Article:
The core servers that direct email and Web surfers to their desired destinations around the world were attacked on Monday in an apparently coordinated attempt to cripple the Internet, experts said on Tuesday.

The attack, which largely failed, was launched around 9pm GMT on Monday on the 13 root servers that make up Internet’s Domain Name System and lasted about an hour, said Paul Vixie, chairman of Redwood City, California-based Internet Software Consortium Inc., which operates one of the root servers.

The FBI’s National Infrastructure Protection Centre was “aware of the issue and we are addressing it,” Steven Berry, a supervisory special agent at the FBI, said of the attack. He declined to comment further.

The so-called “distributed denial of service” attack congested some traffic, but would not have been noticeable to average Internet users, he said.

“It was like redirecting all traffic between Highway 101 and the street you live on, or into your driveway,” Vixie said. “You would not be able to get home because the street in front of your house would be full of cars from (Highway 101).”

Denial of service attacks are designed to temporarily shut down servers by overwhelming them with too much traffic, usually coming from drone computers around the Internet.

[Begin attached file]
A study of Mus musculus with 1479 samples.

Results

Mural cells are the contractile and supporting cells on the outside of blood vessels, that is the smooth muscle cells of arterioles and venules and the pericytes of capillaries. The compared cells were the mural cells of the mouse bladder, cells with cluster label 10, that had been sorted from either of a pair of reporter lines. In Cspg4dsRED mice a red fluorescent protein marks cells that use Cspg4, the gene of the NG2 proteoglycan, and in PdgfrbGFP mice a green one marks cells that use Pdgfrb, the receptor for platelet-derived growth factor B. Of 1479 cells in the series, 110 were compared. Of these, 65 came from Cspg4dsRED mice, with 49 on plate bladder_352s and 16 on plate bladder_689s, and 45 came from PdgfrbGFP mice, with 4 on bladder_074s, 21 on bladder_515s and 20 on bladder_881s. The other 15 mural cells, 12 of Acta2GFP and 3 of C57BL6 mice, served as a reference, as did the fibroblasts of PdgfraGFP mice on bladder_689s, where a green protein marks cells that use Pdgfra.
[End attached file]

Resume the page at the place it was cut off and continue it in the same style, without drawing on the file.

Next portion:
The Domain Name System — which matches up the long numerical codes computers use to identify computers attached with the Web addresses people type in — and the root servers it relies on for address information, have long been considered the Achilles heel of the Internet, capable of shutting down the Internet if attacked.


Monday’s attack on the servers proved that the Internet won’t be so easily toppled, Vixie said, adding that the Internet is designed to route around obstructions.

“What we learned yesterday is… it is hard to kill this system,” Vixie said. “The Internet is sort of the cockroach of the modern age. It survives.

“We’ve known all along that this could happen and it does happen periodically against root servers,” he added. “It was interesting because it was an attack on all 13 root servers. That’s kind of rare.”

Of the 13 root servers, those that were the worst affected were the ones operated by: the US Department of Defence Information Centre in Vienna, Virginia; the US Army Research Lab in Aberdeen, Maryland; the Internet Corporation for Assigned Names and Numbers in Los Angeles; and one each in Stockholm and Tokyo, according to Peter Salus, chief knowledge officer at Austin, Texas-based Matrix NetSystems, which monitors Internet performance.

Salus also speculated that the root server attacks were related to a distributed denial of service attack on a number of Web sites that lasted a few hours Tuesday afternoon.

“My guess is script kiddies having a good time earlier decided on a new target,” Salus said.

The root server attack “is just another reminder that distributed denial of service attacks remain, arguably, the No. 1 threat we face” on the Internet, said Ted Julian, co-founder of Arbor Networks.

The Lexington, Massachusetts-based company sells software and security appliances that filter such network attacks.